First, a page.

Background: Air pollution causes many diseases and deaths. It is important to see how air pollution affects obesity, which is common worldwide. Therefore, we analyzed data from a smartphone application for intentional weight loss, and then we validated them.
Methods: Our analysis was structured in two parts. We analyzed data from a cohort registered to a smartphone application in 10 large cities of the world and matched it with the annual pollution values. We validated these results using daily pollution data in United States and matching them with user information. Body mass index (BMI) variation between final and initial login time was considered as outcome in the first part, and daily BMI in the validation. We analyzed: daily calories intake, daily weight, daily physical activity, geographical coordinates, seasons, age, gender. Weather Underground application programming interface provided daily climatic values. Annual and daily values of particulate matter PM10 and PM2.5 were extracted. In the first part of the analysis, we used 2,608 users and then 995 users located in United States.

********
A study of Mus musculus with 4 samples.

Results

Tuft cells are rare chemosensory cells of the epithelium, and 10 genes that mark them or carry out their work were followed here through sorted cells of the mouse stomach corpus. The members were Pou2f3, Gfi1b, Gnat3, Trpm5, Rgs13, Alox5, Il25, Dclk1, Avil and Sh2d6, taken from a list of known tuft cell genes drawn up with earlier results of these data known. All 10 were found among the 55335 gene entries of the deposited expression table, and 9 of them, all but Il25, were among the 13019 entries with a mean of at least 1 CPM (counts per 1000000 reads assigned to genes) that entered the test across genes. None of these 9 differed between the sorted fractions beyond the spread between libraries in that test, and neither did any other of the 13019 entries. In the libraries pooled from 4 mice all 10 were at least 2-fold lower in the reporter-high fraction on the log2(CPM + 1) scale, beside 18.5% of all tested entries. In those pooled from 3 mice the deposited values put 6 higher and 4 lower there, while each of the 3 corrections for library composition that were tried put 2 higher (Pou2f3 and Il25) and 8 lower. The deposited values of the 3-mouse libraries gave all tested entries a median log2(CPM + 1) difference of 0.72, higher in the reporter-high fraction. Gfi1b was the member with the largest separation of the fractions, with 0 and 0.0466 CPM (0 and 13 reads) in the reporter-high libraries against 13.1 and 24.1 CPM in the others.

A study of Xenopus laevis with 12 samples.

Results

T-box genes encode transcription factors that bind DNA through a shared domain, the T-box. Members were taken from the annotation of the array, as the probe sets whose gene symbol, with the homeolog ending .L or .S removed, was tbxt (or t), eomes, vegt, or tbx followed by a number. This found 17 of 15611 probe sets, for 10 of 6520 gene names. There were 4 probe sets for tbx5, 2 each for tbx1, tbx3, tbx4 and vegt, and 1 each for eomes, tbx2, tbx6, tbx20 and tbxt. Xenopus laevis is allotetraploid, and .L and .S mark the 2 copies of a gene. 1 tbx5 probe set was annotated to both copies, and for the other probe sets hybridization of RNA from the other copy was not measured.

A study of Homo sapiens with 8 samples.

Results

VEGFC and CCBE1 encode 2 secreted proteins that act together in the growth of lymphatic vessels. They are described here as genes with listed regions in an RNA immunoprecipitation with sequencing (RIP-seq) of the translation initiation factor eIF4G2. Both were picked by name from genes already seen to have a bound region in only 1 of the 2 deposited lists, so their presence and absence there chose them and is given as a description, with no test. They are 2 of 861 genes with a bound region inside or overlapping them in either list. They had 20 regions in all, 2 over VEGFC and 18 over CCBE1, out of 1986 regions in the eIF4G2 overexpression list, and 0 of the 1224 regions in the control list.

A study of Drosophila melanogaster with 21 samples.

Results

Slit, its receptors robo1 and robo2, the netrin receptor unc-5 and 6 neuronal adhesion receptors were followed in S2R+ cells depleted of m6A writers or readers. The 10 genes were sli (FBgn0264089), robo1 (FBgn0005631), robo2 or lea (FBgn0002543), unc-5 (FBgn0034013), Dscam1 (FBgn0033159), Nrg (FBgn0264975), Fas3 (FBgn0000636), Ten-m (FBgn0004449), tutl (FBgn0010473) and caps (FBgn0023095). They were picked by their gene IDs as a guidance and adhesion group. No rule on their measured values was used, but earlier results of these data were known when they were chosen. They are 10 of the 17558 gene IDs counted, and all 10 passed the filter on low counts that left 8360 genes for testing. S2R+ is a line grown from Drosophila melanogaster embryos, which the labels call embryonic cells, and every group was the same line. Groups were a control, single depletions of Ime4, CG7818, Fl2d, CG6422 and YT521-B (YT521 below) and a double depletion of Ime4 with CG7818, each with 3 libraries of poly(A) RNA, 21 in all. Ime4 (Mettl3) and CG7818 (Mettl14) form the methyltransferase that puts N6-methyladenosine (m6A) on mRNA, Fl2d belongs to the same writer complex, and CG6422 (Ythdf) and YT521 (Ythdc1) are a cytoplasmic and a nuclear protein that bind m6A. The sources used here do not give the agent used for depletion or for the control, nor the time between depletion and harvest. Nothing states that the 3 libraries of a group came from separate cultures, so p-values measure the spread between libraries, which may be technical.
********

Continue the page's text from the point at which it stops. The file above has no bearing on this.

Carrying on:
Results: Air pollution was highest in Seoul and lowest in Detroit. Users decreased BMI by 2.14 kg/m² in average (95% confidence interval, -2.26 to -2.04). From a multilevel model, PM10 (β=0.04, P=0.002) and PM2.5 (β=0.08, P<0.001) had a significant negative effect on weight loss when collected per year. The results were confirmed with the validation (βAQI*time=1.5×10⁻⁵; P<0.001) by mixed effects model.
Conclusion: This is the first study that shows how air pollution affects intentional weight loss applied on wider area of the world.
Keywords: Air pollution; Mobile applications; Obesity; Smartphone; Weight loss.
Copyright © 2018 Korean Diabetes Association.